Gender and the Politics of Social Reform in France, 1870-1914

Gender and the Politics of Social Reform in France, 1870-1914

by Elinor Ann Accampo, Elinor A. Accampo, Rachel G. Fuchs, Mary Lynn Stewart
     
 


Overview

Traditional histories of the French Third Republic often overlook the extent to which concerns about the place of women and the health of the family influenced the course of government policy, particularly the direction of welfare reform. Combining the approaches of social and political history, Gender and the Politics of Social Reform in France, 1870-1914 offers a new perspective on women's lives in the Third Republic -- and on the emergence of the welfare state in general -- by looking at the attitudes, actions, and policies of the men who held political power.

Addressing themes in the newly invigorated field of welfare-state history, contributors to this volume offer evidence that social reform in France began far earlier than is usually supposed and was a response by republican politicians and social activists to a declining population growth rate. As this demographic crisis inspired efforts to improve maternal and child health and increase the birth rate, motherhood was redefined as a public mission deserving of public support. Even though the eventual reforms resulted in greater recognition of women's role in the proper functioning of society and provided for programs beneficial to infants, the legislation enacted by the men in power was decidedly patriarchal in its scope, treating women as children rather than equals. Contributors are Elinor Accampo, Linda L. Clark, Rachel G. Fuchs, Theresa McBride, Mary Lynn Stewart, and Judith F. Stone.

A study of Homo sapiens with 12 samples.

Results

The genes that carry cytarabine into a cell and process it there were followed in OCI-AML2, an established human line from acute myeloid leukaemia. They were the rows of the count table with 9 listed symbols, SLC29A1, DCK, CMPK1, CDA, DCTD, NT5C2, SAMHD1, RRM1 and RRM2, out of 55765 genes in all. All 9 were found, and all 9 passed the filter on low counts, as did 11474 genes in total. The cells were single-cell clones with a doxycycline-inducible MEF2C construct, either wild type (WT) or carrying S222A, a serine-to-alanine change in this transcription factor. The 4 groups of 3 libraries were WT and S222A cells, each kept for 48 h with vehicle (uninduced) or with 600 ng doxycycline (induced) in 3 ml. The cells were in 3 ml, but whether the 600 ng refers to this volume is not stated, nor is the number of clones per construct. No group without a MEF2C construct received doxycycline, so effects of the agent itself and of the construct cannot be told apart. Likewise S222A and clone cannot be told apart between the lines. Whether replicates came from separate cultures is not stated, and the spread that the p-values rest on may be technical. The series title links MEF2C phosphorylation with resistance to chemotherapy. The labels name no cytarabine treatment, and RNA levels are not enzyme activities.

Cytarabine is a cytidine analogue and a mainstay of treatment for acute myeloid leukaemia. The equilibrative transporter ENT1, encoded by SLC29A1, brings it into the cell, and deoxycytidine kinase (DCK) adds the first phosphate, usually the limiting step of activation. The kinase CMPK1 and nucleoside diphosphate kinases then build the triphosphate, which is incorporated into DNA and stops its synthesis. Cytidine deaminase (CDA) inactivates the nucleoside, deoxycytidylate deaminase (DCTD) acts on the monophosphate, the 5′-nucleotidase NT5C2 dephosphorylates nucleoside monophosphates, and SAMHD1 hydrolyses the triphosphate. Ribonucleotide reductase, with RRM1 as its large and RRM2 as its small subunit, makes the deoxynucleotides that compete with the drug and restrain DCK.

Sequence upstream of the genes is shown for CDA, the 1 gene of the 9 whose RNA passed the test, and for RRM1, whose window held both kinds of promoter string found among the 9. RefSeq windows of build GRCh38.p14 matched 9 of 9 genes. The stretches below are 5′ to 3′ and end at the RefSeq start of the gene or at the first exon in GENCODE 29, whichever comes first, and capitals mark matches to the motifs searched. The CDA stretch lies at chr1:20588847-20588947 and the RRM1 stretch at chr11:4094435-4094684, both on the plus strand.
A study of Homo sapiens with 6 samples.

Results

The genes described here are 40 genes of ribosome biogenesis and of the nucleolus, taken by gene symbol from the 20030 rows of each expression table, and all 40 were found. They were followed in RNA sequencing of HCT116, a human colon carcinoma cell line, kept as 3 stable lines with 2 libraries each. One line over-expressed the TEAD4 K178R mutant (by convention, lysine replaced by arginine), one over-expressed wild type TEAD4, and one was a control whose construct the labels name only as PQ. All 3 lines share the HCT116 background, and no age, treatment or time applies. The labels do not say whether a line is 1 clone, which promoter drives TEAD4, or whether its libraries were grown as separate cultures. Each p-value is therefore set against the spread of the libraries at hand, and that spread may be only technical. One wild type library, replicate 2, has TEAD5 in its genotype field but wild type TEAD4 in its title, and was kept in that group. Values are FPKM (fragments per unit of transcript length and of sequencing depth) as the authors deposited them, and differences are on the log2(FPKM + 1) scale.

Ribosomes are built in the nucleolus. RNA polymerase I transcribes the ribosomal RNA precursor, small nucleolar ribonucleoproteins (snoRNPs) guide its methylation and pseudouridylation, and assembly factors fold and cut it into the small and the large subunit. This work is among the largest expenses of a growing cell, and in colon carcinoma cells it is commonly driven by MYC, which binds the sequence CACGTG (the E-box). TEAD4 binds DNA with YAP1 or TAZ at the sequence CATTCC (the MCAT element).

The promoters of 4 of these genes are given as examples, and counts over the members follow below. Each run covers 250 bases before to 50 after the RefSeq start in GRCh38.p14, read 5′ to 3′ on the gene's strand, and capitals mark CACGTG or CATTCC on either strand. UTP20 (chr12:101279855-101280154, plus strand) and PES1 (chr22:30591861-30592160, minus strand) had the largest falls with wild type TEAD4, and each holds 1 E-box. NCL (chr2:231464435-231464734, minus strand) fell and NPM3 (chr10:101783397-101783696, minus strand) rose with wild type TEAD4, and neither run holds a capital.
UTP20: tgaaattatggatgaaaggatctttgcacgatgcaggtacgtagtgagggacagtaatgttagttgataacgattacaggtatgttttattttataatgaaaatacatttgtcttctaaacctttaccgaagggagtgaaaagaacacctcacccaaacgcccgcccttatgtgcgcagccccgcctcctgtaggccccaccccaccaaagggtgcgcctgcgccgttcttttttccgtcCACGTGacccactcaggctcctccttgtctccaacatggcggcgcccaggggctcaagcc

"This important and timely collection of essays is a valuable contribution to this reinvigorated scholarly field. The history of the welfare state has for too long been in the suffocating grip of specialists in institutionalhistory with no vision of the wider historical setting, or has been regarded as an addendum to the history of labor organization and revolutionary socialism. This volume argues clearly and persuasively for a new orientation." -- Robert Nye, Oregon State University

Editorial Reviews

Booknews
Essays explore why bourgeois male politicians and administrators became interested in the plight of poor women and children and view their motives and social reform programs through the lenses of class and gender. Topics include an overview of gender, social policy, and the formation of the Third Republic, divorce and the republican family, Paul Strauss and the politics of motherhood, labor and family reformers, and the Third Republic's appointment of women inspectors. Paper edition (unseen), $16.95. Annotation c. Book News, Inc., Portland, OR (booknews.com)

Product Details

ISBN-13:
9780801850615
Publisher:
Johns Hopkins University Press
Publication date:
01/28/1995
Edition description:
New Edition
Pages:
256
Product dimensions:
6.07(w) x 9.02(h) x 0.64(d)

Meet the Author

Elinor A. Accampo, associate professor of history at the University of Southern California, is the author of Industrialization, Family, and Class Relations. Rachel G. Fuchs, professor of history at Arizona State University, is the author of Poor and Pregnant in Paris. Mary Lynn Stewart, professor of history and chair of the Department of Women's Studies at Simon Fraser University, is the author of Women, Work, and the French State.